Does Cannabis Affect the Way We Walk?

The legalization of cannabis in the US and worldwide has given a start to various studies on the effects of cannabis on our bodies. So there is also a study on our body’s movement. So does marijuana affect the way we walk?

There aren’t many studies at the moment, and the ones we have are currently updating their information with newer findings. It has become extremely important to know and understand how cannabis and cannabis strains like the Crescendo strain can affect our body and how they interact with the endocannabinoid system. So it’s time to take a closer look at such an interesting question as the impact of cannabis on our walking gait and our balance. The study from Australia reveals some exciting information about it.

How can cannabis affect our walking gait?

Recent research shows that cannabis may affect some parts of our psychomotor system, especially our balance and gait. There is a study by Australian researchers that was published in September 2017. It analyses the connection between cannabis use and walking after smoking. We already know that cannabinoid receptors are situated in the brain parts involved in movement control, like the cerebral cortex and cerebellum. The regular use of cannabis can lead to structural and functional changes at the cerebral level.

So the main goal of the study was to find the effects of cannabis on regular smokers and how it affects the ability to balance and walk.

How was the study conducted?

The study took place in Australia. Scientists compared 22 cannabis users and 22 non-users individuals.

They were between the ages of 20 and 30. The first group was 22 people who didn’t use marijuana, and the second group consisted of people who had already tried marijuana more than five times before and didn’t have any history of illicit stimulant or opioid use.

All 44 individuals completed a series of tests to analyze the effects of cannabis on the locomotor system. At first, they passed drug tests and confirmed the presence of marijuana. After that, they had to pass a balance and a walking gait test. Scientists used a motion-capture system for each individual to receive clear results.

What was the conclusion of the study?

After conducting the study and learning the effects on cannabis users and non-users of cannabis, researchers came to a few significant conclusions. Some of the information they received confirmed the data from previous research they already had. However, they also received some new and precious information.

According to the data from this research, there wasn’t almost any difference between the two groups of individuals. Their walking speed, balance, and neurological parameters were almost the same. However, cannabis can have some impact on regular cannabis users in the following ways:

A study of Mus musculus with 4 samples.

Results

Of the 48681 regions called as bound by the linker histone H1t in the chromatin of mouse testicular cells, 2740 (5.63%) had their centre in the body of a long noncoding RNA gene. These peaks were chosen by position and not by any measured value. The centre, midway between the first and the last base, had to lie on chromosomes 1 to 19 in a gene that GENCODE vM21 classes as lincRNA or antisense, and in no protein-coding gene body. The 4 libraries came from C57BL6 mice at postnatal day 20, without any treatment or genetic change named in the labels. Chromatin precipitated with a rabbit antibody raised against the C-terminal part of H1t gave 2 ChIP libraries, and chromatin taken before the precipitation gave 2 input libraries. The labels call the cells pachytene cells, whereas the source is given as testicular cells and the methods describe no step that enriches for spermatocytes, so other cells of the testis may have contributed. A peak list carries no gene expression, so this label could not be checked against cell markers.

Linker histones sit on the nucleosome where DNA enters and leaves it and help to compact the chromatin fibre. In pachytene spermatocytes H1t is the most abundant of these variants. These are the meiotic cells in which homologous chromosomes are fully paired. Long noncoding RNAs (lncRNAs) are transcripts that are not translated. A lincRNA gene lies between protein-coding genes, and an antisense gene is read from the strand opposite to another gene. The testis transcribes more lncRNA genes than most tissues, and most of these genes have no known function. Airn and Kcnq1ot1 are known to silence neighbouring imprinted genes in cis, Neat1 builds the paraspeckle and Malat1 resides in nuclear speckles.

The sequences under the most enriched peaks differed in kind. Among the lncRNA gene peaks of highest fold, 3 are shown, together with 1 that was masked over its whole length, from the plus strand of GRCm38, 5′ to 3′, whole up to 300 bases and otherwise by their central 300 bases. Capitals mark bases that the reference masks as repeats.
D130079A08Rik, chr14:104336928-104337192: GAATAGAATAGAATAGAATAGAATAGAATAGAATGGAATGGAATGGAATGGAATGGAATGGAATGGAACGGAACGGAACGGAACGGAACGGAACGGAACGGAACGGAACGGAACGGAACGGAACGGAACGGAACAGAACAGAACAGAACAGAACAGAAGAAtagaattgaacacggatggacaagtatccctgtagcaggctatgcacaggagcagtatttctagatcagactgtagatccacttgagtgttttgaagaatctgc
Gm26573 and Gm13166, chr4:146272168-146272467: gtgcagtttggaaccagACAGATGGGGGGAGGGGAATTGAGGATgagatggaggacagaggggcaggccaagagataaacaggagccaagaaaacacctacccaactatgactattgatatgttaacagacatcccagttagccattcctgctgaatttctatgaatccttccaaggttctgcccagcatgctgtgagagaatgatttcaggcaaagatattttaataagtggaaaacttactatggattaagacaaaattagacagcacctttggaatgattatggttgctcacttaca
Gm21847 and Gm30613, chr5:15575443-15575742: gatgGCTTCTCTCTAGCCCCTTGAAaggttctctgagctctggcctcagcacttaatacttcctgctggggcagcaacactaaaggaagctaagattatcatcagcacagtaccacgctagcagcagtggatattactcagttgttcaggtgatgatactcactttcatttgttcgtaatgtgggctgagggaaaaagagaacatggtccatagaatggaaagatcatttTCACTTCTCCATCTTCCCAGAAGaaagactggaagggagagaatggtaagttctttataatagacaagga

• The less move their shoulders while walking. Their shoulder posture is more rigid;
  • They move their knees faster. Their knee movement was 7% faster than the movement of non-users during the distance.

The results of research show that there are minimal body changes and motor skills changes. They are so minimal that they are almost imperceptible at the clinical level.

However, it was a small study, and we still have to do some more to answer various questions and cannabis and the way we walk. For example, we still want to know the answers to these questions. Does a higher amount of THC mean a bigger impact on our movement? Can the strain change the level of impairment or not?

What other research says?

There was a study from 2006 that was published in Neuropsychopharmacology. It states that cannabis use with high THC (more than 13%) can cause deterioration of executive function and inhibitory motor control.

The impact on cannabis users lasts for over six hours after consumption, including balance changes. However, a change in balance was better seen during the first two hours. However, we need more studies with lower THC doses to receive reliable results.

In 2008, another study found a change in the stability and balance of people when they receive high doses of THC.

These studies show us that there is a relationship between high doses of marijuana and changes in movement. However, all these studies were small and contained a small number of people.

Final words

Because of the small size of each study, we should realize that there might be errors in the conclusions. The scientists also acknowledge that more and larger studies need to be done to answer how cannabis affects body movement. We should realize that there are still some questions we don’t have answers to.

David is a 28-year-old struggling artist who enjoys planking, upcycling and binge-watching boxed sets.